The roadside Ranchero's decor showcases intricate hand-crafted saddles, as well as a hodge-podge of attic-items including the stuffed head of a koala-deer (a stuffed koala bear head with antlers). We stopped at the family-owned Ranchero for breakfast on our way from La Paz to Lopez. This three-hour drive crosses the Baja Peninsula and our stop was perfectly timed to help break-up the drive, fill our stomachs and get to know our travel group a little bit better. The Conway family was joined by two new travel-mates: The father and son duo, John and Matt, were on this Mexico tour to celebrate Matt's senior graduation. We quickly bonded over sunburns while passing around the small, but satisfying, menu. I took one look it and said "You had me at huevos rancheros."
Our boat was waiting for us in Lopez. And so were our guides, Nolberto & Charo, our trusted captain, Luis, and Chris Pesenti the Director of Red Sustainable Travel and our host for the week. Our campsite was a short 30-minute boat ride away. Enroute we passed rolling sand dunes and lush mangroves. I asked Chris if our campsite has a name.
"Yes," he answered, "many." It depends entirely on which local fisherman you happen to ask.
We settled into our camp, made up of a small neighborhood of tents along the sandy shore. Aaron and I unloaded our gear and took a moment to take in the view of the bay from our private beach-side bedroom. The kids immediately kicked off their shoes and were in the water gathering scallop and calm shells by the handful. We regrouped in the community tent so Chris could officially introduce us to our home for the week. He reminded us to stay on designated trails to lesson our impact, gave us the 101 on using the bathroom and shower, and encouraged us to poke our head into the kitchen where chef, Hubert, was preparing lunch. Lunch - fresh salad, mashed potatoes, chicken, vegetable soup and hand-made tortillas - was fantastic.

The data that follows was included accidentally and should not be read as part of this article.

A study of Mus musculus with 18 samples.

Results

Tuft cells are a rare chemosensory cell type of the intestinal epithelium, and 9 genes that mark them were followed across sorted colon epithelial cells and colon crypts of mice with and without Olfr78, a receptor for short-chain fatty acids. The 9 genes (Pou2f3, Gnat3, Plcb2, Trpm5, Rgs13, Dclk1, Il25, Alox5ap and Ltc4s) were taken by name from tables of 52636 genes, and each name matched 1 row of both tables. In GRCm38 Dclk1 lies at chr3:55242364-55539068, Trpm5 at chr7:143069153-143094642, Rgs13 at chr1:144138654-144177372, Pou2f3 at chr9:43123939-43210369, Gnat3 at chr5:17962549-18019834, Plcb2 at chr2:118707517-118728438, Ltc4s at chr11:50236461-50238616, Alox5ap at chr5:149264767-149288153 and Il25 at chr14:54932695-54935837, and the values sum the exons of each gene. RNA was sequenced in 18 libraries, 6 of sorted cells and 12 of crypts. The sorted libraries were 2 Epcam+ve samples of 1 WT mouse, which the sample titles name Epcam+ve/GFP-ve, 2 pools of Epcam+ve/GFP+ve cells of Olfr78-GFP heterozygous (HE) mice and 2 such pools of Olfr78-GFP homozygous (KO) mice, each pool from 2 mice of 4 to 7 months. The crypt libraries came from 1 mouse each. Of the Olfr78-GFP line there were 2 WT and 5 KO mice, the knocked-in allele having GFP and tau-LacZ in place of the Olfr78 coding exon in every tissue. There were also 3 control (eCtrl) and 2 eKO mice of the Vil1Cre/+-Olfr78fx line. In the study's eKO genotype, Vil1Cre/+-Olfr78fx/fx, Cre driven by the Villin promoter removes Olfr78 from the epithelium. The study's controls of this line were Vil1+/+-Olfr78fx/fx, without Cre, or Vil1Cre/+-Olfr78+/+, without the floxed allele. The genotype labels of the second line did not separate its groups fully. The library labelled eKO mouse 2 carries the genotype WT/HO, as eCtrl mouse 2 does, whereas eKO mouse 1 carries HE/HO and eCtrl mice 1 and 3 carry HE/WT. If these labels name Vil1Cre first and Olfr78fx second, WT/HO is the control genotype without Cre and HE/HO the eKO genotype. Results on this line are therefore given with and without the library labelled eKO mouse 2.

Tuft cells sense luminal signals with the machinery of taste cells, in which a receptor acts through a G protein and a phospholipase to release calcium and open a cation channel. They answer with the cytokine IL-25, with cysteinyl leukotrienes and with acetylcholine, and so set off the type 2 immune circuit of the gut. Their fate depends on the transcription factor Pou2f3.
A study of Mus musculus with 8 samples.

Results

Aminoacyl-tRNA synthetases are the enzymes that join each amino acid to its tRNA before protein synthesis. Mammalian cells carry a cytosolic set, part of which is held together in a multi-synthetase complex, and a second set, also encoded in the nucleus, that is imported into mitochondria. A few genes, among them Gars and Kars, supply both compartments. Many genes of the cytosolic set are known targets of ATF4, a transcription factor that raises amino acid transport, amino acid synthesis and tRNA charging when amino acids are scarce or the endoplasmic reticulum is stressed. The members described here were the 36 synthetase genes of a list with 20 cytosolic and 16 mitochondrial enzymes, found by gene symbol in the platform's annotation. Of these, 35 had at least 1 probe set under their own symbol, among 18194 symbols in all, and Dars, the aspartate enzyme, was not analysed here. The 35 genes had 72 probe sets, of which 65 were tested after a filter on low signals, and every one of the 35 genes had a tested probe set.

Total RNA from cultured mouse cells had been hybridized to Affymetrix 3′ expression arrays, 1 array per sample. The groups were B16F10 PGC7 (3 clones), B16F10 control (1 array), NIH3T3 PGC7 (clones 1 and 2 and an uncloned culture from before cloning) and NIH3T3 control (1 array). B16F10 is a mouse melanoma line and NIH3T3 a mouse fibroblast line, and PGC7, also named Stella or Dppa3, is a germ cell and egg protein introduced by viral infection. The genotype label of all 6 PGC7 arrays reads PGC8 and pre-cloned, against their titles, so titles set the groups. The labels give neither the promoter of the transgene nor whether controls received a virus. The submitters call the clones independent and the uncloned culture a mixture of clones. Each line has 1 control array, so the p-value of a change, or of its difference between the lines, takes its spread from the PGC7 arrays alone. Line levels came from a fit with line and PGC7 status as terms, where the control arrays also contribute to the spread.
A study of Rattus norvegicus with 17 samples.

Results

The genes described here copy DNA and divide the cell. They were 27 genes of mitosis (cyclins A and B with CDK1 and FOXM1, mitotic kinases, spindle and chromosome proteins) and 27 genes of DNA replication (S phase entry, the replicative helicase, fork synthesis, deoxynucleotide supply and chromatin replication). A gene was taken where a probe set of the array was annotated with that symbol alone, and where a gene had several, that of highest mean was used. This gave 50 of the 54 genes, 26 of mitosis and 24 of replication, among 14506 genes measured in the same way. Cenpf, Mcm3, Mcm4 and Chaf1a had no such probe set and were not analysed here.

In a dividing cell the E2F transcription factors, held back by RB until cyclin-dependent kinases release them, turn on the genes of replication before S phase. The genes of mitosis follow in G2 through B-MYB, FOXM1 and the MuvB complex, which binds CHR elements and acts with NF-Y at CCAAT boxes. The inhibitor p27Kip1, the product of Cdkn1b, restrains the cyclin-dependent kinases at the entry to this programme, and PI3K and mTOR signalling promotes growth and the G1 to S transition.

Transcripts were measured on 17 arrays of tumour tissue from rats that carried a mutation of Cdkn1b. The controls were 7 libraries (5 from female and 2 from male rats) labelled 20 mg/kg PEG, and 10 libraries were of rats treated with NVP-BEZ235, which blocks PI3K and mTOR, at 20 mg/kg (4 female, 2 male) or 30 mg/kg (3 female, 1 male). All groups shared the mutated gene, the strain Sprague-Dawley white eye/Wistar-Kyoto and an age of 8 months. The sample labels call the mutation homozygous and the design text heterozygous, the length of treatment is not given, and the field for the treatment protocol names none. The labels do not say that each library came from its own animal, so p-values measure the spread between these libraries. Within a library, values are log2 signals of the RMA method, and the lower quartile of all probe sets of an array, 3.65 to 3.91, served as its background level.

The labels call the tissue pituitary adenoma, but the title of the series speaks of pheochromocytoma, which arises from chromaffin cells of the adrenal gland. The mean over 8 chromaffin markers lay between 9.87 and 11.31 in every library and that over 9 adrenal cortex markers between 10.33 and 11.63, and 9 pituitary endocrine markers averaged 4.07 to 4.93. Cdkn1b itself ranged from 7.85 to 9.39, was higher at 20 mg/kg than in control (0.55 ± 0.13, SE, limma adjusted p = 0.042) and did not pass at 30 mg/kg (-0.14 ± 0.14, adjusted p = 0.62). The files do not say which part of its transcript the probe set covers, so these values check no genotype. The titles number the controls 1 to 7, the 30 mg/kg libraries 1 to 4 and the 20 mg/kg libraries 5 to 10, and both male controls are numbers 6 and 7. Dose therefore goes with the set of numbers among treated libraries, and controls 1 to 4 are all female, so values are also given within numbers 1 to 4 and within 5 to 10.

Chris also provided a little more insight into the turtle monitoring we would assist in during our stay. This unique conservation trip is specially designed to support research on black sea turtles as part of the Grupo Tortuguero program. The information gathered during this trip provides data on health, migration patterns and habitat use of sea turtles in Magdalena Bay, ultimately providing policymakers with the tools they need to make decisions about species' conservation. My seven-year-old, Samuel, took one look at Chris and said, "You had me at turtles."
Chris said his good-byes and left us to our island hideaway. The afternoon passed by quickly with a nature walk along the beach. The Conways had a handstand contest along the shore. Happy hour started promptly at 4:00 and by the time dinner rolled around we had fallen into the relaxed rhythm that the campsite insists. As the sun started to set, we followed Charo to the top of a bluff and said a ceremonious farewell to the day and welcomed the new adventures awaiting us tomorrow.
To read additional entries from our family Mexico adventure, click here.